The Amazing Las Vegas Comic Con June 2015

The Amazing Las Vegas Comic Con (ALVCC) took place June 19-21, and from all appearances it was hugely successful.  Comic and pop culture fans descended upon the South Point Hotel and Casino on the southernmost tip of the Las Vegas Strip for three days of fun in the summer heat.  (Yes, it was over 110 all weekend long, but we were able to stay inside with tons of air conditioning, the way Mother Nature intended…)


Friday morning I woke up, got some work done, and had a nice buffet lunch.  Press passes were available at noon, but a very helpful staffer gave me the program guide early so I could study it over lunch.


The ALVCC Exhibit Hall took up the entire South Point convention area, as well as part of the arena concourse.  They also used concourse space for the main panel room, which was very convenient, but not very practical.  (More on this later)  Given the excessive heat outside, you’d think it could be warm inside, but it was actually quite comfortable in the massive Exhibit Hall.  At times it was even chilly in there.  Even at the busiest point on Saturday, the con floor was never unmanageable.  The event organizers did a great job with spacing the booths to allow for easy crowd flow; there was an open perimeter around the outside to allow for ease of access when you needed to go quickly from one end of the room to the other.







  1. Sarabeth,
    Reading your comments on the Las Vegas CC, brings me to the seminal question; how can a small convention center such as the one in San Diego hope to compete with a facility the size of the one in Vegas? We have the American riviera for people to visit when they aren’t at the exhibits, and it’s not 110 degrees at our beaches. I think it’s time for San Diego to maximize the size of our convention center. Our businesses could use the income that a larger convention center could make available. What’s your take on enlarging the current convention center?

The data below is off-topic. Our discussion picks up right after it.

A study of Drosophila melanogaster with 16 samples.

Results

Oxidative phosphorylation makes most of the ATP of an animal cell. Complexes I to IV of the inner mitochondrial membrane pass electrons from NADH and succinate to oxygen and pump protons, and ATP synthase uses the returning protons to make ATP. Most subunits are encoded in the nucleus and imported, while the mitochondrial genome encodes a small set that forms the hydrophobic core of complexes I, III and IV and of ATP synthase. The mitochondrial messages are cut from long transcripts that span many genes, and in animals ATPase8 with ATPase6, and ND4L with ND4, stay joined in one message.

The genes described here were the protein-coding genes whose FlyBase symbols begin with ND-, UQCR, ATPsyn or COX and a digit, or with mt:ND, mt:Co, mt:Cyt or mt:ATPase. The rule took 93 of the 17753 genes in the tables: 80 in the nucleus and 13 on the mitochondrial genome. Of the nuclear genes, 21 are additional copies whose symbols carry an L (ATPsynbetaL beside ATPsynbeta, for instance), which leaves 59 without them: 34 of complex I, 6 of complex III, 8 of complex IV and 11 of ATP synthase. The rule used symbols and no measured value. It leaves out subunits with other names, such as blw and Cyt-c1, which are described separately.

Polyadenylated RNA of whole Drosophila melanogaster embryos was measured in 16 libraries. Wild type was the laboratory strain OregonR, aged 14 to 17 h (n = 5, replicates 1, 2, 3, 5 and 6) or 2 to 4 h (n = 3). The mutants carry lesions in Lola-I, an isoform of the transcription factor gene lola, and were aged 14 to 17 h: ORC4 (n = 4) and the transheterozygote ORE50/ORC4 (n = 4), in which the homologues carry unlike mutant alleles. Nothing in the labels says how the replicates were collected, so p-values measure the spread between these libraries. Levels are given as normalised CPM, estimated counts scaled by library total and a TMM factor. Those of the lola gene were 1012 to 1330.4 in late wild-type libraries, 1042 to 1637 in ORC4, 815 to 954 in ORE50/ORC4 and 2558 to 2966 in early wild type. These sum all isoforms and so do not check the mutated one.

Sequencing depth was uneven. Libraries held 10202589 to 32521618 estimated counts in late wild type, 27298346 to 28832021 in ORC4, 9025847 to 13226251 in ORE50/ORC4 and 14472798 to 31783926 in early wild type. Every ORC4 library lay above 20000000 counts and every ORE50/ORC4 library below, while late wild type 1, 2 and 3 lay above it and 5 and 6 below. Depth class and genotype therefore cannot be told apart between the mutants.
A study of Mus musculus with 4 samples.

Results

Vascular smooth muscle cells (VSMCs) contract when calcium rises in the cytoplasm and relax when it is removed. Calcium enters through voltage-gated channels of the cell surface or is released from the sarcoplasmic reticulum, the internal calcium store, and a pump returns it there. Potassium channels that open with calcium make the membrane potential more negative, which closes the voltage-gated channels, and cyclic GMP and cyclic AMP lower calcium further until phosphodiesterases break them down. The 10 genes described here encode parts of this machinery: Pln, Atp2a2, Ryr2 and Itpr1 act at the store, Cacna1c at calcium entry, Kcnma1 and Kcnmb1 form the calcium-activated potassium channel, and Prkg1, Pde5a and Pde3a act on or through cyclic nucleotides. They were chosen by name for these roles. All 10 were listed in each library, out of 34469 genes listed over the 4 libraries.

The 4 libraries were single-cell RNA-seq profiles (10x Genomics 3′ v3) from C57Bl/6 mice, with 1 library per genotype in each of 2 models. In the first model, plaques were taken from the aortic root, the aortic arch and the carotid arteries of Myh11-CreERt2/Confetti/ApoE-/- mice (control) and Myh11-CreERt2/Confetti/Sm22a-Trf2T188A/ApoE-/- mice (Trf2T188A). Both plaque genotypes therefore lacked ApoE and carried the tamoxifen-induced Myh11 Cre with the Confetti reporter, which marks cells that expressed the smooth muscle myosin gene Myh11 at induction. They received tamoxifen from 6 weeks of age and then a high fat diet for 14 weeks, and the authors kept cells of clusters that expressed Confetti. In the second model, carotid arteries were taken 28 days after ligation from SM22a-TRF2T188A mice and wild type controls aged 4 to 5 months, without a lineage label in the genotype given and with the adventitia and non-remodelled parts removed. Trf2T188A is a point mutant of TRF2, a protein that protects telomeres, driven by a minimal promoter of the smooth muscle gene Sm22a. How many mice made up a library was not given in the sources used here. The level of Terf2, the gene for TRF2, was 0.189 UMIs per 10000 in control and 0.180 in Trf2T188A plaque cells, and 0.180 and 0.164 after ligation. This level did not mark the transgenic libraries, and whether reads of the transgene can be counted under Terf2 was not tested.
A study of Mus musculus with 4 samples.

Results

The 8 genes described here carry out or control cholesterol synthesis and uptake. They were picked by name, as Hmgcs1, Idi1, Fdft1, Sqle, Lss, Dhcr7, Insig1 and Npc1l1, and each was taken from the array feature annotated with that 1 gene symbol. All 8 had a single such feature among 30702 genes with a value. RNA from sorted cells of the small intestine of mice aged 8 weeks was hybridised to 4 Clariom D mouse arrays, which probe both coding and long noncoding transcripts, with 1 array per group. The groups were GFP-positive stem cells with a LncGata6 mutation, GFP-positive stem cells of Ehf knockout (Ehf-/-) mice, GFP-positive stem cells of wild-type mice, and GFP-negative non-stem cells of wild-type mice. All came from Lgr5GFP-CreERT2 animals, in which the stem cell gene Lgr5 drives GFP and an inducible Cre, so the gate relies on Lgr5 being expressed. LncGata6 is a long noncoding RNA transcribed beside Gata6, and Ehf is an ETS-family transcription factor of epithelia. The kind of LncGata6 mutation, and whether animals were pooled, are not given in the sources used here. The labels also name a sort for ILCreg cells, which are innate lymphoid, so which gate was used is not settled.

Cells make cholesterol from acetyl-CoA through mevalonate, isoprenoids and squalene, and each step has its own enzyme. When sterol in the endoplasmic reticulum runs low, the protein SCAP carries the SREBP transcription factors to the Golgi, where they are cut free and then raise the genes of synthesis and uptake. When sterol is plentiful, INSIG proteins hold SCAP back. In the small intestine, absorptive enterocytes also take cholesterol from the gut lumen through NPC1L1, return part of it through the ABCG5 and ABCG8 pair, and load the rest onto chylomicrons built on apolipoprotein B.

1. The interesting thing, Sam, is that the Las Vegas Comic Con wasn’t held in their main convention center because the show wasn’t big enough. You may have read that the Riviera hotel and casino just shut its doors after 60 years; it was purchased by the LV Convention and Tourism Board so that they can expand the convention center and bring it all the way out to the Strip. Can you imagine how big that would make it?

      I think San Diego is foolish for not expanding the Convention Center. Granted, most of the issues lie with the Port Authority and funding for the project, but just a few weeks ago Cisco held their convention and it was determined that those convention-goers have an even higher spending rate than those who attend SDCC, in terms of spending in the Gaslamp Quarter and among local businesses. Given that San Diego has all of the desirables for a convention: weather, location, etc, it seems foolish not to focus our energy on expanding the Convention Center.

      (Dare I point out that this would be a much better endeavor than trying to build a new stadium for a football team that clearly doesn’t want to be here? Conventions can be held year-round, whereas there are only so many ways to use a football stadium…)

      1. Sarabeth, we are one on this issue. There’s no question SD is being held hostage by the NFL. SD should tell them to pick up their balls and go, and we should figure out a way to get the Port Authority to go along with the Convention Center expansion. I hate to sound like a money grubber, but this town needs tourism a lot more than it need the NF fornicating L.